You have a list of VirtualBox networking modes in its Documentation.
The one you need on both systems is Internal networking. You have to give it a name, you can create several networks in this mode. VirtualBox will connect all guests in the same internal network, so names must match on both virtual machines. The default should work right out-of-the-box.
The server needs an Internal networking with the same name and another one which connects to the world, in your case NAT.
Now the guest server should be able to connect to the internet through the NAT interface.
Give IPs to the machines
In order to the client and the server reach each other, their interfaces must be configured in the same network. You can do it manually (static addresses) or configuring a DHCP server in the server machine.
These are the steps to do it manually:
root@server:~# ifconfig eth0 192.168.1.1 netmask 255.255.255.0
root@client:~# ifconfig eth0 192.168.1.5 netmask 255.255.255.0
You can set any IP you want, but they must be in the same network. Here,
eth0 in the server machine refers to the Internal interface, if you set interface 1 as Internal and 2 as NAT, the above commands will work fine.
Now you should be able to
ping each other, but packets from the client machine won't be able to travel through the server machine yet, only to the server.
Note: These changes will be lost at next reboot, to make the changes permanent you have to edit and configure
/etc/network/interfaces. If you are configuring the client with GUI from the desktop, skip the CLI configuration.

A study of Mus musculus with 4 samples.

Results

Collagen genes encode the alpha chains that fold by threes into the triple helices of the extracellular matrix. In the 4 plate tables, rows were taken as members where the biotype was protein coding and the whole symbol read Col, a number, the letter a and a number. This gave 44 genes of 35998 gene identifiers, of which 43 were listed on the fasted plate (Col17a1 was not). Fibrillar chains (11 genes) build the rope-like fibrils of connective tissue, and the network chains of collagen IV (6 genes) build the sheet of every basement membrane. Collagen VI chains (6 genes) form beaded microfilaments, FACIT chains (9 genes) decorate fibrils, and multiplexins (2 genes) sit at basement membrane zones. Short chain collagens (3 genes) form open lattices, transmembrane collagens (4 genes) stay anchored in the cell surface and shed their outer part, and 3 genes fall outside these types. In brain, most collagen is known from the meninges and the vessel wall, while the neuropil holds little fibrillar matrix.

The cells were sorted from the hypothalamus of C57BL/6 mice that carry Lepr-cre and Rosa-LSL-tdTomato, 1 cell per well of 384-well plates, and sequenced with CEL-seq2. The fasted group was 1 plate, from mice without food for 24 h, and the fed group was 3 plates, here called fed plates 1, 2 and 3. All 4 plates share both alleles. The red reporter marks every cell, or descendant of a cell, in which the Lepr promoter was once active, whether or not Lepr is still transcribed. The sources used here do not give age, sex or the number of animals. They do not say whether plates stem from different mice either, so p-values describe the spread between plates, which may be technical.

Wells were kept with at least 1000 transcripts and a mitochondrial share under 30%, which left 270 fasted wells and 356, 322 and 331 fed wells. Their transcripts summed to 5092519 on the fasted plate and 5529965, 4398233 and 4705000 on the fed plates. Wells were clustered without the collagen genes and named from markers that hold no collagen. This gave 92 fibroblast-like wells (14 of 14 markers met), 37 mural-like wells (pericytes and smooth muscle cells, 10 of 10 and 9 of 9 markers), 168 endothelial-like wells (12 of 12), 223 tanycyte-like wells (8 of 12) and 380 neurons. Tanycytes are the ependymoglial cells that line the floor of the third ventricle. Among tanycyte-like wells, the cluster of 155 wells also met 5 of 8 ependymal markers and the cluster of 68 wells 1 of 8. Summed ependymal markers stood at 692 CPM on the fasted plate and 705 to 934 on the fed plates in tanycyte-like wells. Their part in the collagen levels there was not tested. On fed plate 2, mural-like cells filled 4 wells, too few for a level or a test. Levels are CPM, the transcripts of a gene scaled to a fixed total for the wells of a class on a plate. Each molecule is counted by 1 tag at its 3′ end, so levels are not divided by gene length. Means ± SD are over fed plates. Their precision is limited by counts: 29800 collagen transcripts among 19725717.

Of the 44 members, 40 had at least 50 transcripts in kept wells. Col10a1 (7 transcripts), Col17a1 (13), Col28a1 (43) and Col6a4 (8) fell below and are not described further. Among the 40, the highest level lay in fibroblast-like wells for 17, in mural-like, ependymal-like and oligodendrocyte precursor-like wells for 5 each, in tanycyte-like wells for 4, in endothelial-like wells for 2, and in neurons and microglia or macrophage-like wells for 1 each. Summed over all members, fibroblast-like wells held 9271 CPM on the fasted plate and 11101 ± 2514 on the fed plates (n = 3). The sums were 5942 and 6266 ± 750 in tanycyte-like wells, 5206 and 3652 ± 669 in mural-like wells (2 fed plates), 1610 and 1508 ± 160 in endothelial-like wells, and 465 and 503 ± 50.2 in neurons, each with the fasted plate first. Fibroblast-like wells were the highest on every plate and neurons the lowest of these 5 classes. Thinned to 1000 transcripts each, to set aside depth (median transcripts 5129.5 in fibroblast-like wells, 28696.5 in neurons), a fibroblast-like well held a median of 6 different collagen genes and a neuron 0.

You need to configure forwarding. You could simply do
root@server:~# echo 1 > /proc/sys/net/ipv4/ip_forward
but this would only work until you reboot the machine. You need to edit
/etc/sysctl.conf and uncomment
so it looks like:
# Uncomment the next line to enable packet forwarding for IPv4
This will configure the server machine to forward packets (at next reboot).
This will configure the server to do IP masquerading.
root@server:~# modprobe iptable_nat
root@server:~# iptables -t nat -A POSTROUTING -o eth1 -j MASQUERADE
root@server:~# iptables -A FORWARD -i eth0 -j ACCEPT
Take care about
eth1, here the 2nd line must be
-o NAT_interface and the 3rd line
Configure the client to go through the server
This setting should have been already set, either in the GUI assistant or by editing
/etc/network/interfaces/. Just in case it is not applied, add the default route through the server machine:
root@client:~# route add default gw 192.168.1.1
Now you should be able to communicate from the client machine, but if you configured the IP addresses manually, you still need to provide the DNS servers so you can resolve names.
/etc/resolv.conf and add the servers you like:
If you configured DHCP in the server machine, you should have already told the DHCP server which DNS servers to use (if not, do it now).
Again, if you configured the client with a GUI assistant, just make sure the DNS are valid and skip this section.